Metastasis occurs through a series of sequential steps in which tumour cells first migrate from the primary tumour, penetrate blood vessels and then colonize distant sites. It is a highly inefficient process. Indeed, very few of the tumour cells that gain access to the vasculature give rise to metastastic foci in a secondary organ.
Recent data indicate that the mechanisms controlling metastasis can be regulated independently from primary tumour development.
In vitro and in vivo, the metastatic potential of tumours is associated with an increased resistance to apoptosis. Furthermore, the experimental modulation of apoptotic or anti-apoptotic factors influences metastatic efficiency.
Anoikis and amorphosis are important barriers to metastasis. Anoikis is cell death induced by the disruption of cell attachment and cell–matrix interactions, whereas amorphosis is cell death stimulated by the loss of cytoskeletal architecture.
Early survival of tumour cells after attachment to the secondary site and the development of micrometastases are crucial steps of the metastatic process.
Metastasis is the most common cause of cancer death. Most patients with metastatic disease respond transiently to conventional treatments. Further elucidation of the relationship between resistance to apoptosis of metastatic cancer cells and their chemoresistance should provide important clues to improve systemic therapies.
The metastatic process is highly inefficient — very few of the many cells that migrate from the primary tumour successfully colonize distant sites. One proposed mechanism to explain this inefficiency is provided by the cancer stem cell model, which hypothesizes that micrometastases can only be established by tumour stem cells, which are few in number. However, recent in vitro and in vivo observations indicate that apoptosis is an important process regulating metastasis. Here we stress that the inhibition of cell death, apart from its extensively described function in primary tumour development, is a crucial characteristic of metastatic cancer cells.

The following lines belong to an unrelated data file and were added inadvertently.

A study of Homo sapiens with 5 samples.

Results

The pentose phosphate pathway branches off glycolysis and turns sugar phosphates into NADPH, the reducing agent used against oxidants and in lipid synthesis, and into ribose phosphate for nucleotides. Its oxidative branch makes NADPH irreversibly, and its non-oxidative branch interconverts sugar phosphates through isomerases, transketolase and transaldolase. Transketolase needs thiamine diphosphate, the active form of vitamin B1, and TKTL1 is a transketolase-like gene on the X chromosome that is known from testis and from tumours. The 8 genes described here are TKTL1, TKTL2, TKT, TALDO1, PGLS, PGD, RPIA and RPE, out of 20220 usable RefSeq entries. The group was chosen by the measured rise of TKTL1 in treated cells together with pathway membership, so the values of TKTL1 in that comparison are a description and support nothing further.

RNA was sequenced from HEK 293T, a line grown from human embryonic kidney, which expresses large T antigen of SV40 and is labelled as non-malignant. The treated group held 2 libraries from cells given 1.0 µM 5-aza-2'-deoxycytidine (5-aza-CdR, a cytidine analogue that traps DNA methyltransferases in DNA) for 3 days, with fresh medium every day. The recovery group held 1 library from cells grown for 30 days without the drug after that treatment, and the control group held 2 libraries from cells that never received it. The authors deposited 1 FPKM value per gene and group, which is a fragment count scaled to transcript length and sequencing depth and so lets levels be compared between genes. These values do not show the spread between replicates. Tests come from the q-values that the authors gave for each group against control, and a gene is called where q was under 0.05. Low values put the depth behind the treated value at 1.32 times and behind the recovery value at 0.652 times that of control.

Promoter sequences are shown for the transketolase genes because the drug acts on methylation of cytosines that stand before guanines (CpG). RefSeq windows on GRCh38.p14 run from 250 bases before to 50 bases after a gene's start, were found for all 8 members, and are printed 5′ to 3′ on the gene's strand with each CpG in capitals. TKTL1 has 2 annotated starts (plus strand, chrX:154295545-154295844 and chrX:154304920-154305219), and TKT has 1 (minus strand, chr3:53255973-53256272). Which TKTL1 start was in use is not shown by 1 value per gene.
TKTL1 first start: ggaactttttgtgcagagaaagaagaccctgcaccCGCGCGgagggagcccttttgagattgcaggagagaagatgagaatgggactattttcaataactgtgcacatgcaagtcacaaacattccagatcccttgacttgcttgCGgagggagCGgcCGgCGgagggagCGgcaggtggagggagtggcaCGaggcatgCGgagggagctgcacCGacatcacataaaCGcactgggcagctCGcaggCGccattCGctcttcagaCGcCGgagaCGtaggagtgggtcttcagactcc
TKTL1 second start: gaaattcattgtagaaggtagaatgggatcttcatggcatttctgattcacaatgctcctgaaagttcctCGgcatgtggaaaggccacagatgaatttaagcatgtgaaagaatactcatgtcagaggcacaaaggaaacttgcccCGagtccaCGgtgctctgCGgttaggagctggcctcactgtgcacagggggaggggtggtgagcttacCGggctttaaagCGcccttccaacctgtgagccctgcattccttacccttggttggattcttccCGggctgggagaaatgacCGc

The authors declare no competing financial interests.
- Natural killer cells
Large granular lymphocytes that do not bear a T-cell receptor, but can recognize and destroy certain tumour cells and virally infected cells in a manner that is independent of the major histocompatibility complex.
A protein that can be released by immune cells and can form pores in the plasma membrane. These pores enable the entrance of serine proteases, such as granzyme B, which initiate caspase cleavage and activation.
- Pulsatile and cyclic circumferential stretch
Vascular cells are normally exposed to oscillatory distending and shearing forces owing to the pulsatility of circulating blood. This pulsatility might have an important role in regulating vessel tone and remodelling. Both shear and large-amplitude cyclic stretch have been shown to individually stimulate nitric oxide synthase.